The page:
Ever ridden in a car with worn-out shock absorbers? Every bump is jarring, every corner stomach-churning, and every red light an excuse to assume the brace position. Owning an undiversified portfolio can trigger similar reactions.
You can drive a car with a broken suspension system, but it will be an extremely uncomfortable ride and the vehicle will be much harder to control, particularly in difficult conditions. Throw in the risk of a breakdown or running off the road altogether, and there’s a real chance you may not reach your destination.
In the world of investing, a similarly bumpy and unpredictable ride can await those with concentrated and undiversified portfolios or those who constantly tinker with their allocation.
Of course, everyone feels in control when the surface is straight and smooth, but it’s harder to stay on the road during sudden turns and ups and downs in the market. For that reason, the smart thing to do is to diversify, spreading your portfolio across different securities and countries. That also means identifying the right mix of investments (e.g., stocks, bonds, real estate) that aligns with your risk tolerance.
Using this approach, your returns from year to year may not match the top performing portfolio, but neither are they likely to match the worst. More importantly, this is a ride you are likelier to stick with.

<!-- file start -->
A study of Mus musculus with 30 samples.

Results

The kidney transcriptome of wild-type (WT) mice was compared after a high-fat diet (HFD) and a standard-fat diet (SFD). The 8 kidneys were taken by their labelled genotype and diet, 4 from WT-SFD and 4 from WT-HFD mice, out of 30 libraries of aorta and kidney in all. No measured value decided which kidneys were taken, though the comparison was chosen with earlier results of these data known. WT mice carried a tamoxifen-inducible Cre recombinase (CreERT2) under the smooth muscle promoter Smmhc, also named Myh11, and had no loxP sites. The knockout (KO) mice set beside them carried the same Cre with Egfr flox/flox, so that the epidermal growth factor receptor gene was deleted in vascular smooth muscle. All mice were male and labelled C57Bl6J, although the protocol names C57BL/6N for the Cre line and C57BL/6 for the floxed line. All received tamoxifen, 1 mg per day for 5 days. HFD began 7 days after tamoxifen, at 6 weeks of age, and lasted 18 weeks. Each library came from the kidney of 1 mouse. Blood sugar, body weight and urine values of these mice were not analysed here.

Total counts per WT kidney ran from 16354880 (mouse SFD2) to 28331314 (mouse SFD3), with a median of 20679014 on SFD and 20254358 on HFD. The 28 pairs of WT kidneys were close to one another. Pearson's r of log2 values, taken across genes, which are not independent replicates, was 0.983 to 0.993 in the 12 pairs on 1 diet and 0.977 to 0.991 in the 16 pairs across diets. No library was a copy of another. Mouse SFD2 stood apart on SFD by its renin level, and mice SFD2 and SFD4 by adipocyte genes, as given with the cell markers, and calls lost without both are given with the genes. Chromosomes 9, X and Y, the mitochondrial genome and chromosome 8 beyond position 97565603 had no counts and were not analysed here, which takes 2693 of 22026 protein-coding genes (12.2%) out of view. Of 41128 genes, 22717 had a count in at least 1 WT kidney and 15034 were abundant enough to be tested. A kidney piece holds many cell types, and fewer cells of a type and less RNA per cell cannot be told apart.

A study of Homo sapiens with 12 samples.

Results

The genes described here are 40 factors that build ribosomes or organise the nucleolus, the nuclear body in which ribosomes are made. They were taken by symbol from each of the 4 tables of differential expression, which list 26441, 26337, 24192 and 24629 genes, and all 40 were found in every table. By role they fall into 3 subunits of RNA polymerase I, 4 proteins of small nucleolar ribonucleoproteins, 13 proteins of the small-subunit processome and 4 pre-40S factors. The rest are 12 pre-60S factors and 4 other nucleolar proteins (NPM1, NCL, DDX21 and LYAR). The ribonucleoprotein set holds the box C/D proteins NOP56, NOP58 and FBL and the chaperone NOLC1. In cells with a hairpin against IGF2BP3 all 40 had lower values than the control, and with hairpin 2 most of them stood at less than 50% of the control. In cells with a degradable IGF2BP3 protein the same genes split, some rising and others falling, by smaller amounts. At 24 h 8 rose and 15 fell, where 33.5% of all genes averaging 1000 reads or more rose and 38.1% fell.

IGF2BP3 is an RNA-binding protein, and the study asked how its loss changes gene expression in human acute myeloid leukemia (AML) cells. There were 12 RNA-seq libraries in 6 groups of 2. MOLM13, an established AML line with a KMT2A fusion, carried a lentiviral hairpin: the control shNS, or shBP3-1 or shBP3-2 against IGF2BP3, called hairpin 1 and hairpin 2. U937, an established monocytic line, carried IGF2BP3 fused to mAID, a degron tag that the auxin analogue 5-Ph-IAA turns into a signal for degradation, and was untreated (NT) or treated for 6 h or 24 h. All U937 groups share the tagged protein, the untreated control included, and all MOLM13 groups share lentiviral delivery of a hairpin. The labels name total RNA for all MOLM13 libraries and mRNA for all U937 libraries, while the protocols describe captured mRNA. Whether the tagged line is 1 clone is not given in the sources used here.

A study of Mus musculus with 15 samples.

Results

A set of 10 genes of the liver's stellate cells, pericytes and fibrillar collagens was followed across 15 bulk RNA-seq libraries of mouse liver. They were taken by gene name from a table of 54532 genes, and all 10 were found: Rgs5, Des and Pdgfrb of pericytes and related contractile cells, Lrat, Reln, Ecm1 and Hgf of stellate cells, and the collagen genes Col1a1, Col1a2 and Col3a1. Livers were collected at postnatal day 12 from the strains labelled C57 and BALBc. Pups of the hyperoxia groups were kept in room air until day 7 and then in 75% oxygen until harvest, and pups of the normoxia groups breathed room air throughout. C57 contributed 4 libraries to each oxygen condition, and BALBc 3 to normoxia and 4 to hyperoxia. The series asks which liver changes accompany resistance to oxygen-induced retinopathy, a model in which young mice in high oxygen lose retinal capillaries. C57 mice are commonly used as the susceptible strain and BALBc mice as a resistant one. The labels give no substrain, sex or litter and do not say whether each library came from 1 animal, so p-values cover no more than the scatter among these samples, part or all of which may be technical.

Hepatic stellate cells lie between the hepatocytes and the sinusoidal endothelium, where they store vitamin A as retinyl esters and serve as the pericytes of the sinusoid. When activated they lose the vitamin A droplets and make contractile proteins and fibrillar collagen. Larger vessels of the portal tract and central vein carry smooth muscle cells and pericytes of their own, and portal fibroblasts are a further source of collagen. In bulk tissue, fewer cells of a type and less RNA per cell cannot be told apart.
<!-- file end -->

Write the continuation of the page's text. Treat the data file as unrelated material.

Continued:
Geopolitical events have often “shocked” markets around the world. It seems that lately, however, investors have developed a complacency toward these types of events. The investing road seems smooth, ignoring recent events like the US military strike in Syria and the Paris terrorist attack.
Recent research by Sam Stovall, chief investment strategist at CFRA Research and reported by the Wall Street Journal’s Steven Russolillo claims that much of the complacency is tied to the current stage of the market cycle (we are currently in the ninth year of a bull market). Stovall found that in bull markets since World War II, there have been 13 of the so-called market shocks and they prompted a 5% drop on average in the S&P 500. But during bear markets the S&P 500 has dropped 17% on average from exogenous shocks. He also found that the drops from the market shocks lasted longer in bear markets (two months or so) than bull markets (about 9 days on average).
Diversification can never eliminate the impact of bumps along your particular investment road, but it can help reduce the potential outsized impact that any individual investment can have on your journey. It can also help you avoid the feeling to do the wrong thing when “shocks” do some temporary damage to part of your portfolio.
With sufficient diversification, the jarring effects of performance extremes level out. That, in turn, helps you stay in your chosen lane and on the road to your investment destination.